26 January 2011

Can a champion team beat a team of champions?

Jonah Lehrer argues that teams, not single individuals, are driving scientific discovery.

I’m most convinced by an alternative explanation, which is that our modern problems have gotten so hard – so damn intractable, complicated and multi-disciplinary – that we can no longer solve them by ourselves.

He supports this with several pieces of evidence, but I think many of them can be explained in other ways.

The first piece of evidence suggesting that the difficulty of problems is increasing comes from historiometric data on the “peak age of creativity.” It turns out that the peak age has been getting older for the past several hundred years. Dean Simonton, for instance, has shown that while Leonardo Da Vinci might have benefited from tackling the problems of medieval science in his mid-20s, the ideal age for modern scientists is closer to 40. Why? Because it takes longer to learn the field, to know enough to create new knowledge.

Alternate hypothesis: Post-doc glut. Training has extended in part because there has been an oversupply of beginning scientists. Training has lengthened out because of that, and it takes longer to get a job in science.

Along with Stefan Wuchty and Brian Uzzi, Jones has found that teams have become a far more important part of intellectual production. By analyzing 19.9 million papers produced in the last fifty years (and 2.1 million patents), the Northwestern researchers were able to show that teamwork is a defining trend of modern research

Alternate hypothesis: Equipment is expensive. Not every researcher can have her own Large Hadron Collider. This problem of running the experiment to get the data forces collaborations and teams to form, not necessarily the intellectual difficulty of the problem.

(T)he best research now emerges from groups. It doesn’t matter if the researchers are studying particle physics or human genetics: science papers produced by multiple authors receive more than twice as many citations as those authored by individuals.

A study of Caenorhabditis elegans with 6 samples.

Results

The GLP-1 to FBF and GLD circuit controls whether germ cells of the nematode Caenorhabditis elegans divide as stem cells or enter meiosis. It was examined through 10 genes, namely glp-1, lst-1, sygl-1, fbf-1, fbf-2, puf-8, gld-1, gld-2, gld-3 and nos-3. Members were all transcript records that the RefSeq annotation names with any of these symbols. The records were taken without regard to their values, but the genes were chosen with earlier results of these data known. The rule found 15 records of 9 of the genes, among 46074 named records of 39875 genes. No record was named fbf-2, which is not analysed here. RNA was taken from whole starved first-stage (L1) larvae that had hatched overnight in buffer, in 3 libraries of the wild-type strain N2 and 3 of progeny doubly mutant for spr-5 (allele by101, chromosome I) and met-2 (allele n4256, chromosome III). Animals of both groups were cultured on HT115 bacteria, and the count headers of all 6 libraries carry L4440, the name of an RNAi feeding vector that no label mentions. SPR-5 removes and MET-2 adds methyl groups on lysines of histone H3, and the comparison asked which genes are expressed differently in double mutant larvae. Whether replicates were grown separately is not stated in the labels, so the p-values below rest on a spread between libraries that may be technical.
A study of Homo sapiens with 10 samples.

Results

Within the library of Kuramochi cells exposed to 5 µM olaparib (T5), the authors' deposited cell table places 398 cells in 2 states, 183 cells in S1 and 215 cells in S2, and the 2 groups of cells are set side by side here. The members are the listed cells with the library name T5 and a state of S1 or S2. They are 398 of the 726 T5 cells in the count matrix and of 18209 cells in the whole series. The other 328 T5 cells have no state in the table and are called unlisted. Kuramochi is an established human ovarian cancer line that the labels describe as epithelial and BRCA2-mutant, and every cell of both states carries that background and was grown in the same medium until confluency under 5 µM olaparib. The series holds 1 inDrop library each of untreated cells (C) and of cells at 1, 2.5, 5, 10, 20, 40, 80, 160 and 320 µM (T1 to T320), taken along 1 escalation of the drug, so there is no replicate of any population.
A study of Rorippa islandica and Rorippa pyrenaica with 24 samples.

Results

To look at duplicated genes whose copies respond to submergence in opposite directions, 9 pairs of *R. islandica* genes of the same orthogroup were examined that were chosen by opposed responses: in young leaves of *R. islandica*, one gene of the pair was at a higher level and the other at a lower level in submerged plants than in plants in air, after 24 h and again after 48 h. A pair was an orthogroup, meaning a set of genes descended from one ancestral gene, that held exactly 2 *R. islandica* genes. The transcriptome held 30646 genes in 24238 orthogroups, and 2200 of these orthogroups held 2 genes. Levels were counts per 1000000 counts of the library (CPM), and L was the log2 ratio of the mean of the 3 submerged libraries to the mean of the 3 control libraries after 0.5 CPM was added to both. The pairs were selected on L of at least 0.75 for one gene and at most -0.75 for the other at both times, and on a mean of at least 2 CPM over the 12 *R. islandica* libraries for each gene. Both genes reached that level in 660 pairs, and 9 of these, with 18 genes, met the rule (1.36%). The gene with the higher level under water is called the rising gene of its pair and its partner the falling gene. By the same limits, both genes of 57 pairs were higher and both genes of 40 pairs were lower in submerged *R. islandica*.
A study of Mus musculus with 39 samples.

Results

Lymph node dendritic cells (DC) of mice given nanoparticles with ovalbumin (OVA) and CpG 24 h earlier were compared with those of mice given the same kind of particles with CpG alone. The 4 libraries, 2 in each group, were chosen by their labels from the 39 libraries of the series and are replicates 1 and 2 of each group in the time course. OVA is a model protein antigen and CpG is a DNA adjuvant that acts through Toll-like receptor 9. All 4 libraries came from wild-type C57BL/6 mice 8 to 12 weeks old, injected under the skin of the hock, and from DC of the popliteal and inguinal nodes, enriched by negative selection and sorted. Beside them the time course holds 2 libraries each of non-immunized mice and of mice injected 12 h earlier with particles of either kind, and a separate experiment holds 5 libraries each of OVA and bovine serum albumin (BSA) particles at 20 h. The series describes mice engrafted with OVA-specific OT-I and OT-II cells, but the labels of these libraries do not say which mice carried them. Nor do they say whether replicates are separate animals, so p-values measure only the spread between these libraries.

Alternate hypothesis: Self citation, self promotion, networking. A dozen authors can promote a paper in a way that a single author cannot. And as we all know, nobody promotes your work like you do.

Of course, the original research might correct and answer some of these alternative hypotheses and find them wanting. But alas, I cannot find them, as Lehrer provides neither links nor citations because I am apparently an idiot. (It’s in there, I just didn’t see it, and Lehrer says some of my points are dealt with in the original paper.)


Anonymous said...

When was the last time you saw a paper authored by a single individual? Most papers have multiple authors anyway, that's how science is done - so what does he mean by teams?

Zen Faulkes said...

One of my recent papers was by me alone. But I most of what I have written has been 2-3 authors, which is still common in organismal biology: a student or two and a supervisor.

I'd put a break point at between papers with less than 5 authors and those with more than 20 authors. By the time you hit 20 authors, you are doing science in a different way than with 5.